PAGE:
Two items on the La Crosse city council’s agenda Thursday night have to do with police.
One is for 3% pay raises each of the next three years.
People hear “raise” right now, during a pandemic, with city struggling to make ends meet, and automatically want to dismiss the idea.
Assistant Chief Rob Abraham explained Monday on La Crosse Talk PM why that wouldn’t have been possible — or smart.
“The city could not have approached those unions and just said, ‘You’re not getting a raise,’ because those officers would have went straight into binding arbitration, and an arbitrator likely would have given them a raise equivalent or probably even higher to what the city negotiated,” Abraham explained. “So, the union came in really with a win-win bargaining attitude and I think the city did too. In the end, they came up with a good contract for those unions.”
The raises will happen in two increments each of the next three years — a 1% raise in January and a 2% raise in September. The raises are for all police employees ranked below captain. Anyone captain or above is not part of the police’s union.
The other item on the agenda is to accept and match $137,071 in federal grant money for new body cams. But this won’t just be for La Crosse’s police department.
“Part of this is to have a county wide, so to speak, same vendor-type application for body cameras,” Abraham said. “Basically all the municipal law enforcement agencies in the county of La Crosse will be under one unified system.”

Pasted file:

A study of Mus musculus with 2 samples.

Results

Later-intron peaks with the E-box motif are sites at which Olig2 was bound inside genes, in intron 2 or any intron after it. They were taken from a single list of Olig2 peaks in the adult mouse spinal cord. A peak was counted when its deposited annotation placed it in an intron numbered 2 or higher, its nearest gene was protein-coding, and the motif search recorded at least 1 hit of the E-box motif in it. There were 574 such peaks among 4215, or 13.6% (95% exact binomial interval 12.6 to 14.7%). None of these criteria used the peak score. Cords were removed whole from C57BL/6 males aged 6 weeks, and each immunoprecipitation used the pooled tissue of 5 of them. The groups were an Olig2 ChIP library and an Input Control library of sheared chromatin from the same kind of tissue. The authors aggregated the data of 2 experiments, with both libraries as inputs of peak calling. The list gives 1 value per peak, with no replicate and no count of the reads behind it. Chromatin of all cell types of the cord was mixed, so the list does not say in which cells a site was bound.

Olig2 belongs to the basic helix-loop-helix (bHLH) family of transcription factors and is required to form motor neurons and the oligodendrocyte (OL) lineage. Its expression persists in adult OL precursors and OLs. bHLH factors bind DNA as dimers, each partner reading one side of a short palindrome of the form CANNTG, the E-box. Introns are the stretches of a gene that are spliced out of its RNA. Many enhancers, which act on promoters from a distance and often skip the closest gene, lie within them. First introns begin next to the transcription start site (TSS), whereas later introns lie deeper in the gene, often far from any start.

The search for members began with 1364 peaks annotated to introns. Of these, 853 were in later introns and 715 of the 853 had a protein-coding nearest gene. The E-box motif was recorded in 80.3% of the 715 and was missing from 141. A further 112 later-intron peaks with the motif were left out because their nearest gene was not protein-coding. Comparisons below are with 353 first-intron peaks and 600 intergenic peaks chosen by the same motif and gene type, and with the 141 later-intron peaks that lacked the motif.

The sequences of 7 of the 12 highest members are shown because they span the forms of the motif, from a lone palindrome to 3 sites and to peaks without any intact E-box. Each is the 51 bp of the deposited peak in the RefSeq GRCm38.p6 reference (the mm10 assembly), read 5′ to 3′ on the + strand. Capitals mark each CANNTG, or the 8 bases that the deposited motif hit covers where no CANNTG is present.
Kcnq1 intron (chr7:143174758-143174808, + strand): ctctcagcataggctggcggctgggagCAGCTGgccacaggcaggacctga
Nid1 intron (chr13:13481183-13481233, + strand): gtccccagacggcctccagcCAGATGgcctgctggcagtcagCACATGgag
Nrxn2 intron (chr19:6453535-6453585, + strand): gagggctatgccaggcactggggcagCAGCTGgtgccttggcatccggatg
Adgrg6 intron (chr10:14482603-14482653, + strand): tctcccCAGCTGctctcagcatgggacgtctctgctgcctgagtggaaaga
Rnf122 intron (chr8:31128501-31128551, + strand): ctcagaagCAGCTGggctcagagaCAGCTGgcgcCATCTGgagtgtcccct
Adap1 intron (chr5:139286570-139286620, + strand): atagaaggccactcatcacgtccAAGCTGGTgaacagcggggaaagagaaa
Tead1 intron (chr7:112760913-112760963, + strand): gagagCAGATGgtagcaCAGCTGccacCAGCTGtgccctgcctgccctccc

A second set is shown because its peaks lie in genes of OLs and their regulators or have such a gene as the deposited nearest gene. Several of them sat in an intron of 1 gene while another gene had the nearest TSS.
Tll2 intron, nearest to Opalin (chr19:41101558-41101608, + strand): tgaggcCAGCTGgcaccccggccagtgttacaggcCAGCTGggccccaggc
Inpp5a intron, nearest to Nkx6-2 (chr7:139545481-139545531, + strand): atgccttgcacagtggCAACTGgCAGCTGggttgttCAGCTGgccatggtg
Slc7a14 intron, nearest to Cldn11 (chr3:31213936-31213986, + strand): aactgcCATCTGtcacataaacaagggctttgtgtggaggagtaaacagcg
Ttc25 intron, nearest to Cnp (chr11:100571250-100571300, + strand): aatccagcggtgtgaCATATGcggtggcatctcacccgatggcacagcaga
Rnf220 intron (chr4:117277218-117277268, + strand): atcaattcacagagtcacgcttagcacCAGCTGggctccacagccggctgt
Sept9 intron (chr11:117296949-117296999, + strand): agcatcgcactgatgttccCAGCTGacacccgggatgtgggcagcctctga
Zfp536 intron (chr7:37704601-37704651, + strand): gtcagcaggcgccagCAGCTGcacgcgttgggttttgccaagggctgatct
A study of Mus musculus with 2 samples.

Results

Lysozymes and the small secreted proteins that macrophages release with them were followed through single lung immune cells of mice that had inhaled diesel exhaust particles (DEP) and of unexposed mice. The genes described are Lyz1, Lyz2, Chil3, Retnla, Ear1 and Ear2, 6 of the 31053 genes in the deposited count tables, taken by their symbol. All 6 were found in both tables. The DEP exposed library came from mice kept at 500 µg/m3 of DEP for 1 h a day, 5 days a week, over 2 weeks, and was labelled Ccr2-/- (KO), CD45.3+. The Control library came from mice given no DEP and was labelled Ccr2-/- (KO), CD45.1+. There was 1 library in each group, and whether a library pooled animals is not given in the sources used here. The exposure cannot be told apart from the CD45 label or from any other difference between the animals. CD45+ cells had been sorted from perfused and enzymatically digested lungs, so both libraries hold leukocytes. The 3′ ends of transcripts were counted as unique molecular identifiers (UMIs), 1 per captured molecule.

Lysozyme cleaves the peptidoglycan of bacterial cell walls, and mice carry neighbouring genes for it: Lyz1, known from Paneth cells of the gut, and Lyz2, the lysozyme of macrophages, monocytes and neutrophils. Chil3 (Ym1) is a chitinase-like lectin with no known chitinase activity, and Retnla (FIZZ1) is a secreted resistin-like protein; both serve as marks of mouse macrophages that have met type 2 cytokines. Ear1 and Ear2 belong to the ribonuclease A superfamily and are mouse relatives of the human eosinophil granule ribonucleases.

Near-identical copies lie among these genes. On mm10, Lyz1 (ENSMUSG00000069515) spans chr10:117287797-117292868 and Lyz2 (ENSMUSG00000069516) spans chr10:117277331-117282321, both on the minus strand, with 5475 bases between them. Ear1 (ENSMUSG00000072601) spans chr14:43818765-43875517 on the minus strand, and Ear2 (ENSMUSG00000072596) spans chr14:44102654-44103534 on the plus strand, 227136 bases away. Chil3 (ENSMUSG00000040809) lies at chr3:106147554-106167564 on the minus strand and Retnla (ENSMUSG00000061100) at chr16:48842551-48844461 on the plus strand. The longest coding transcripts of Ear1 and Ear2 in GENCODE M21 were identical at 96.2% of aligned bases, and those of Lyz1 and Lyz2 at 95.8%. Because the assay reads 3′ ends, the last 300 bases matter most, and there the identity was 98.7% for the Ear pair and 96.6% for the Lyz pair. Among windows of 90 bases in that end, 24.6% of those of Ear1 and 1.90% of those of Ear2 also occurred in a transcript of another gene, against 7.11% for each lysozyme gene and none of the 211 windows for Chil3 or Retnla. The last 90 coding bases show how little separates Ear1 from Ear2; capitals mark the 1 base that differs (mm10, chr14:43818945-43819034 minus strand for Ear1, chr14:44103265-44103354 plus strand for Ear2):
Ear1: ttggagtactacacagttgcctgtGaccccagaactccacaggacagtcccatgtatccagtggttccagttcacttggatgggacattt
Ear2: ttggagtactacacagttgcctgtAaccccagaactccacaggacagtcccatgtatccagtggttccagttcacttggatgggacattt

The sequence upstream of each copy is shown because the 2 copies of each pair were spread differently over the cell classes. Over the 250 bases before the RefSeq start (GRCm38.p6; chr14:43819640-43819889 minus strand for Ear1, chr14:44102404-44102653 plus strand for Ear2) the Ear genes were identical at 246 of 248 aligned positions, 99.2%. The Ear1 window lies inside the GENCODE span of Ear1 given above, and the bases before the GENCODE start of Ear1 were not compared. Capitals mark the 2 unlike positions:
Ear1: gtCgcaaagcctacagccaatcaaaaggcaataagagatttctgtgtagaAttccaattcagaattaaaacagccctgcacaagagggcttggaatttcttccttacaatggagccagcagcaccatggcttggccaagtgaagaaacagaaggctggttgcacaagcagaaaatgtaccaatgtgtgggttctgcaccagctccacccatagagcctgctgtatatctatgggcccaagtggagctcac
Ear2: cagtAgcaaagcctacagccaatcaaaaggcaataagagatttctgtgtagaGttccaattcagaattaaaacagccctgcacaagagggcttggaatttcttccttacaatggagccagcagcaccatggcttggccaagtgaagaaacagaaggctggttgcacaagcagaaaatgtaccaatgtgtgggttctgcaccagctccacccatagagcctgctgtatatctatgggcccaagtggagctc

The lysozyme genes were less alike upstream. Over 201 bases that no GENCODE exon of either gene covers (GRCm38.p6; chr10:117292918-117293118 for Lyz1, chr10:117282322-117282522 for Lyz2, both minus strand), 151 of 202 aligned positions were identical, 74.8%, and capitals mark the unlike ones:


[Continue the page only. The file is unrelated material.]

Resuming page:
Here are those other departments and how much grant money they will have to match:
- City of Onalaska Police ($27,900)
- Village of West Salem Police ($9,000)
- Village of Bangor Police ($2,700)
- Town of Campbell Police ($4,500)
- Town of Shelby Police ($1,800)
- Ho Chunk Nation Police ($5,400)
That adds up to $51,300, meaning La Crosse would contribute $85,771.
Abraham said the Holmen P.D. couldn’t be part of the initiative because it recently just invested in body cameras, and the La Crosse County Sheriff’s Office was going after its own grant funding.
But with these seven departments going in on the same body cams, it could be very beneficial for police, courts and anyone that doesn’t want the hassle of trying to use one program for, say, La Crosse’s body cams, then another program for Onalska’s system.
“So, you could imagine having to navigate through (multiple), different video systems,” Abraham said. “Having one platform that you have to deal with, will certainly make it a lot easier for everyone involved.”
Abraham added that police might not have to pay for any of the funding.
“We also had someone who just came forward and wants to start at a public-private program to help pay for the match portion of this grant — a 50% grant,” Abraham said. “And we’re hoping to try to get some public support for the other 50% for all the agencies.”
It looks as though those donations would go through the La Crosse Community Foundation to assist the police agencies in raising the money, as well as maintenance costs over the next couple years.
Abraham said the police’s current body cams were on a pilot program that just ended, and they didn’t like the system that company was moving to.
He was also asked how relevant it was to upgrade the body cams, since they’re like anything tech that is almost obsolete after a couple years.
Abraham agreed, but added, “They’re in the harsh environments. Where you would tuck your cell phone in your pants pocket, that body cam stays out on that officer, and is exposed to all those elements. So, if you could imagine keeping your cell phone out the rain everyday, in the snow and the dust and the heat — everything else.”
Abraham, along with La Crosse Mayor Tim Kabat were both on La Crosse Talk PM WIZM on Monday.